Toni Braxton. Pamela Anderson. M.C. Hammer. Mike Tyson. Evander Holyfield. What do these stars have in common?

They all went broke. That’s what.

Even one of my favorite actresses – Lena Headey – reportedly had less than $5 in her bank account after she endured a divorce in 2013.

And let’s not forget the Guidice’s – Joe and Teresa. Not that they were all that famous in the first place, but their rise to the top and subsequent fall was rather spectacular, wasn’t it?

Some other examples:

  • Nicholas Cage once had homes all over the world, including a haunted mansion on Bourbon Street and a castle in Germany. In 2009, he owed over $6 million in back taxes and his homes were auctioned off. His career has since floundered.
  • Allen Iverson earned over $200 million dollars during his professional sports career yet managed to blow it all. Last summer, he was seen begging for change outside of a popular mall in Atlanta.
  • Stephen Baldwin filed for bankruptcy protection in 2009 claiming that he owed almost three times the value of his $1 million dollar mansion. He was also charged with tax evasion in 2012 after amassing a $350,000 unpaid tax bill in the state of New York.

All of these rich stars, and others, prove that anyone can go broke – even the richest among us. But it’s still perplexing to those of us who manage to get by on much, much less. So, how does it happen?

How Rich People Go Broke

Each situation is unique, but the basic reasoning behind the phenomenon is almost always the same. For the most part, rich people go broke for the exact same reason middle class people do. They spend more than they earn. 

The only difference between us and the very rich is that when they fall, they fall hard. Here’s how the richest of the rich manage to lose it all:

  • They spend more than they earn. No matter how much you earn, the magic formula for losing it all remains the same. When you spend more than you earn, you will inevitably run out of money one day. The stupidly rich just get to live the lie a little longer than the rest of us.
  • They take on huge amounts of debt. When rich people lose it all, it’s usually because they borrowed way more than they could afford to pay back. Instead of taking out realistic loans, they push the limits of what makes sense. Remember the Giudice’s mansion in New Jersey? Michael Jackson’s Never Never Land? R. Kelly’s 22,000 square-foot Chicago-area mansion? You get the picture.
  • They listen to bad investment advice. Almost every formerly-rich person has been preyed upon by a shady financial manager, family member, or friend. Stars who get rich seem to forget the golden rule of investing: “When something seems too good to be true, it probably is.”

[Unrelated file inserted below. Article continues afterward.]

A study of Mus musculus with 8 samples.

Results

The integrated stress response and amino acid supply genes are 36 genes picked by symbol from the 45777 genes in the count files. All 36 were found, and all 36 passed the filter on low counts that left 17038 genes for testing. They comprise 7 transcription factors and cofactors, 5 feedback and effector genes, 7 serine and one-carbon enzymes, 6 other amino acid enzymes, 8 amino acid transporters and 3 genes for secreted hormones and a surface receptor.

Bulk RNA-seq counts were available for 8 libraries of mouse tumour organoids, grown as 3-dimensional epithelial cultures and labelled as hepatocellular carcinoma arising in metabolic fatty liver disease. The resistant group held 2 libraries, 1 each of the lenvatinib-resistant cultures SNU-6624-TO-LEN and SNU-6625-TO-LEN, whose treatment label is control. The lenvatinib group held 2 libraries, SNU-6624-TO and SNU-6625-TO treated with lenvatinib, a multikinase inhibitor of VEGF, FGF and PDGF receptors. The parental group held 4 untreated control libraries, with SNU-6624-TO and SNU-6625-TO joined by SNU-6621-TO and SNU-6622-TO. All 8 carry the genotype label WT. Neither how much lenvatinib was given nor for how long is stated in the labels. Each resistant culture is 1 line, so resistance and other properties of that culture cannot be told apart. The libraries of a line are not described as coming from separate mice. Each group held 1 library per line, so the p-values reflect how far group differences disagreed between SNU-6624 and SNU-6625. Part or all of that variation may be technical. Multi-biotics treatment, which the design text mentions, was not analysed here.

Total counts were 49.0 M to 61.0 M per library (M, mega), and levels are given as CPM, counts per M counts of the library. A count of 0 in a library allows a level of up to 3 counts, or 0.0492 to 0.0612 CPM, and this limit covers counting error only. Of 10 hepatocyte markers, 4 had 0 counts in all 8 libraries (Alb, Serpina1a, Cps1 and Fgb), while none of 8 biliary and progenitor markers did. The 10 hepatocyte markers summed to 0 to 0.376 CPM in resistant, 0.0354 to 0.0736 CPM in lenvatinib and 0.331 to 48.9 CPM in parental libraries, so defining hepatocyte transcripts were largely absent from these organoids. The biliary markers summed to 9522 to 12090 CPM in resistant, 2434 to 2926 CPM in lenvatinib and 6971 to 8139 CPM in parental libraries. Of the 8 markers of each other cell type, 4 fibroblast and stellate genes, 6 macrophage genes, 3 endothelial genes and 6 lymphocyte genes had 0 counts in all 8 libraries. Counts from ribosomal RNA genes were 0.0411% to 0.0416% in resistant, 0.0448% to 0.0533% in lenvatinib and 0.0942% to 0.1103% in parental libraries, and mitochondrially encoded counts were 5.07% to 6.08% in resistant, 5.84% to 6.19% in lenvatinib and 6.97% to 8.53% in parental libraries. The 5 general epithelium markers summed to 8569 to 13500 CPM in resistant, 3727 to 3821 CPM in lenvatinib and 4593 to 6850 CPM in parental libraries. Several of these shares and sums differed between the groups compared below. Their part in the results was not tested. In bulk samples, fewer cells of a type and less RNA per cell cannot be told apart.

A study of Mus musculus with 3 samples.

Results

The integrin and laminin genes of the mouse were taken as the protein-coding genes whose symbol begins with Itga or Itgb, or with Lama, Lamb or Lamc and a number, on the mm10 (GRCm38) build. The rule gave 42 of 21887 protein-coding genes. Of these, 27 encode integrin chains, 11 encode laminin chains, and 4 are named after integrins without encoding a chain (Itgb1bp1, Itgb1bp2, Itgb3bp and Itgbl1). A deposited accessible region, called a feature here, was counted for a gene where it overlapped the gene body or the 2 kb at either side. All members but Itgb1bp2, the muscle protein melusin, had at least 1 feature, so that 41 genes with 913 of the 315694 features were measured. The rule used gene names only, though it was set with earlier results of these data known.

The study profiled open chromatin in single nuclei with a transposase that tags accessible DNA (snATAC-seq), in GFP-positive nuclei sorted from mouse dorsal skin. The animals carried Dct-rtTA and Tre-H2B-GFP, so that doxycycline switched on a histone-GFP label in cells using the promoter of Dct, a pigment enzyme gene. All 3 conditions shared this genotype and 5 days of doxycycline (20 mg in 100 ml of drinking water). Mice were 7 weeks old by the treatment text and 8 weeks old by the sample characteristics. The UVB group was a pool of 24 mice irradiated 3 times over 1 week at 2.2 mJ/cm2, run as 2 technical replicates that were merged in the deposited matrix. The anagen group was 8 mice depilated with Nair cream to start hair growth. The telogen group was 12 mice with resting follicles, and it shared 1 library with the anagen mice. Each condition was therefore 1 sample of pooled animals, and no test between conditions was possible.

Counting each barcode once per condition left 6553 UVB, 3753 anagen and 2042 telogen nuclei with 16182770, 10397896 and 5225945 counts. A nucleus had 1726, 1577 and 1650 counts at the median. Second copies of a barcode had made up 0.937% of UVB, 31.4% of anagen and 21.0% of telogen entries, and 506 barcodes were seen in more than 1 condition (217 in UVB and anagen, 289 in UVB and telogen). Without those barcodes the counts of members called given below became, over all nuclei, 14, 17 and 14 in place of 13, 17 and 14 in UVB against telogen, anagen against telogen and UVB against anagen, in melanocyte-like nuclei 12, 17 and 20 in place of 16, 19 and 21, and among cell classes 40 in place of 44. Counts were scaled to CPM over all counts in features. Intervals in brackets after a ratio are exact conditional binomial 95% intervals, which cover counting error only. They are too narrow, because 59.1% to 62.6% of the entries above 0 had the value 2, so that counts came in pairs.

What Can We Learn from Rich People Who Lose It All?

Most of us have little sympathy for people who have millions yet manage to lose it all. Still, there is plenty we can learn from their tragic stories. Even though their financial situations may seem polar opposite of our own, the same rules apply to all of our financial lives. Here’s what I think we can learn from rich people who go broke:

  • Live within your means. Whether you earn $50,000 per year or $5 million per year, you need to learn to live well within your means so that you have a cushion for life’s ups and downs.
  • Save for the future. High-earning stars never seem to realize that the money will stop flowing in some day. Whether you’re rich or middle-income, it’s important to save for the future so you have money to fall back on when times are tough – or when you’re ready to retire.
  • Don’t take investment advice from people who stand to benefit. When someone is trying to get you to invest in X, Y, or Z, ask yourself whether they stand to benefit. Also consider working with a fee-only financial advisor; they get paid for giving you advice and never benefit from your individual investments or transactions.
  • Don’t Keep Up with the Joneses. No matter how much you earn or where you live, we all have our Joneses. Ignore what others are doing financially and make the best financial decisions for your situation- and your family.

Whether you’re rich or poor – old or young – the same financial principles can spell your downfall or set you free.  So if you want to be rich – and stay rich – look at situations like the ones I mentioned above and try to do the exact opposite. No matter how much you earn, the key to financial freedom is in your hands.

What have you learned from rich people who go broke? Do you think the same financial principles apply to everyone?